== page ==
Sometimes when I’m worried, I feel like a fog of fear and anxiety is swirling all around me, blocking out the ability to think clearly and trust God. It quickly fuels responses like complaining, grumbling, being self absorbed and selfish, or making a quick decision that isn’t led by God.
As I begin to worry, I remember that I’m a Christian and I’m not supposed to worry. So my defense mechanisms kick in. I reason:
I’m not worried, I’m just thinking!
I’m not worried, I’m just wondering!
I’m not worried, I’m just concerned!
I’m not worried, I’m just mulling over a problem!
I’m not worried, I’m just a little bothered!
But then honesty rears its unwelcome head, and I surrender.
OK! I’m worried!
I’ve gone through this scenario many times. It’s so easy to deceive myself into thinking I’m not worried—I’m just thinking too much! Besides, don’t I need to plan just in case something terrible happens? But at a certain point, thinking, wondering, being concerned, mulling, or being bothered becomes worry! And at that point, I’m not trusting God with my whole heart.
Now, there is indeed a difference between fear, careful thought and worry. Fear can be a legitimate emotion which is God’s warning signal to do something—QUICK! (As in, that bear coming towards you looks really hungry!) Fear can turn into worry if we (a) don’t take action (like scream or play dead!) or (b) release control because we have no power over the situation or person (that doesn’t apply to the bear analogy!).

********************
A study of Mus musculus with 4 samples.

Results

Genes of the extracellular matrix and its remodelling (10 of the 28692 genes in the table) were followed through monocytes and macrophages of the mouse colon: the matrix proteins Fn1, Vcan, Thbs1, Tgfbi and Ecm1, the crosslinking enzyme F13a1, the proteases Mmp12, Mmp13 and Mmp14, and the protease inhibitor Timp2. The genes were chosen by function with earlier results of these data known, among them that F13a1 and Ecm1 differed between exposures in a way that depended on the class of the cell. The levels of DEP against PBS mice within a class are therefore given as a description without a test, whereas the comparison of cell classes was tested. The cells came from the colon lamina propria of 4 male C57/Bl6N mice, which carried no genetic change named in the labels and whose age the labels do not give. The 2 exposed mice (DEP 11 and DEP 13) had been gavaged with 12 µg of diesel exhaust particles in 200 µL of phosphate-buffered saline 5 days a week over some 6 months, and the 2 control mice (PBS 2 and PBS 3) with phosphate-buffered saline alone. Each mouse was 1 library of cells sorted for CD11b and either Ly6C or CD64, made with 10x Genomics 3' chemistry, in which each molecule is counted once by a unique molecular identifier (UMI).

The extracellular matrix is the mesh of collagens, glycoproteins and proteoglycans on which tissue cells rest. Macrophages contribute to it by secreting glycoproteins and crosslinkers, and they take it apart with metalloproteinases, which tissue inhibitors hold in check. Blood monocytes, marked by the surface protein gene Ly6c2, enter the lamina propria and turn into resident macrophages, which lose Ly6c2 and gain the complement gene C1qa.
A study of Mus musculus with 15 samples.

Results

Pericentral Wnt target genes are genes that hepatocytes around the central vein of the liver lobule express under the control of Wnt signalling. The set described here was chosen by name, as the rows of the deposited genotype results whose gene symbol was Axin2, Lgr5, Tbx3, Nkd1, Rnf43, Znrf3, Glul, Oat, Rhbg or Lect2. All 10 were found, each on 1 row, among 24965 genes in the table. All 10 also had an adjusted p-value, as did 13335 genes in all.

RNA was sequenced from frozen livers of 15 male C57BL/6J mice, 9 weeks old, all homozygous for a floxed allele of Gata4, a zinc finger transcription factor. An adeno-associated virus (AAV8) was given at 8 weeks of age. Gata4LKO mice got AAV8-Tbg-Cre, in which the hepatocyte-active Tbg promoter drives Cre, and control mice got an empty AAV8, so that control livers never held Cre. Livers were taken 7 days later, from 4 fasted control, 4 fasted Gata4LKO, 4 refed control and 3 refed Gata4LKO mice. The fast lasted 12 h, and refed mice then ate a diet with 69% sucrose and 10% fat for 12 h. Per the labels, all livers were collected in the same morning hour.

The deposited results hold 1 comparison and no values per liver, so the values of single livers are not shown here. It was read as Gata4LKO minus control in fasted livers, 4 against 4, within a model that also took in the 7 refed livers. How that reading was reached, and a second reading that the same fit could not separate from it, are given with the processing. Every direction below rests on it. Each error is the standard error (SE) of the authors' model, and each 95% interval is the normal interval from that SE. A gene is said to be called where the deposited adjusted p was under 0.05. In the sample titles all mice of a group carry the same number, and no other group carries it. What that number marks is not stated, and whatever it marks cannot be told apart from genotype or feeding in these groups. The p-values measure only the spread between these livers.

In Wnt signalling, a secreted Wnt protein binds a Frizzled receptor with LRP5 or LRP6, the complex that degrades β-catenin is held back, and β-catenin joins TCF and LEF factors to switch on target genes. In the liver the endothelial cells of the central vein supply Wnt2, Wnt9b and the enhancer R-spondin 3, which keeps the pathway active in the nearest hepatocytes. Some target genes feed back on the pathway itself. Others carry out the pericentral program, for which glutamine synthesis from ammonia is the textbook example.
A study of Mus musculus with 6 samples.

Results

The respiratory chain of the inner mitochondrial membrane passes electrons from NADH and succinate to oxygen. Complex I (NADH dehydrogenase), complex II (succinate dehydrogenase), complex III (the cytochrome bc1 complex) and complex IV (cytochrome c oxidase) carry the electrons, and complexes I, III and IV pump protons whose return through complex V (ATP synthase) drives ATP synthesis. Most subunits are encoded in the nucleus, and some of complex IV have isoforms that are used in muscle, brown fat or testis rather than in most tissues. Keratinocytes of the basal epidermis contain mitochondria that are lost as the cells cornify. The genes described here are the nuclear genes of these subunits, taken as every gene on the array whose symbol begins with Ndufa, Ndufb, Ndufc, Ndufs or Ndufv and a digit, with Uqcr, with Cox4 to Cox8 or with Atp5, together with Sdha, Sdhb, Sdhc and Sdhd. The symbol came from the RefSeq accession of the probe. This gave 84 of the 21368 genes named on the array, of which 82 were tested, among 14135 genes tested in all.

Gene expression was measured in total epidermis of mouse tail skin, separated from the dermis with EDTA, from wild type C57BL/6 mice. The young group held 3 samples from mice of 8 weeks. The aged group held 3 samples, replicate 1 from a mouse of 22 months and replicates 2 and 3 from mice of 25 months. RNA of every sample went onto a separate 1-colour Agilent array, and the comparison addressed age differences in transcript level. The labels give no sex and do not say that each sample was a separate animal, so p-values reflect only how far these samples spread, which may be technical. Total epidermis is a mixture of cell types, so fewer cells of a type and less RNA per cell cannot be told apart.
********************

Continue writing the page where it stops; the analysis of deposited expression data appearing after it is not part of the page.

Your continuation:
Fear in itself is not sinful when it’s based in something legitimately dangerous. If your daughter is late getting home from a date, you might feel fearful and it is based on something legitimate. But it doesn’t have to turn to worry as you pray for her safety.
Careful thought is what our mind does when faced with an uncertain situation or problem. That’s to be expected. God wants us to use the mind He’s given us.
But as we try to figure out the solution, our careful reasoning can easily slide into worry if we don’t turn our attention to God, ask for His input and trust Him.
One question I ask when I speak on the topic of worry is: “How quickly can your ‘thinking’ become ‘worrying’?” In other words, how long do you spend thinking or mulling over something before it can become worry? The record answer from women in my audiences is “five minutes.”
Here’s an assignment: Pay attention to how quickly your “thinking” becomes “worrying.” You might be surprised that sometimes it’s only five seconds!
And then ask yourself, “What does my worry say about who God is?”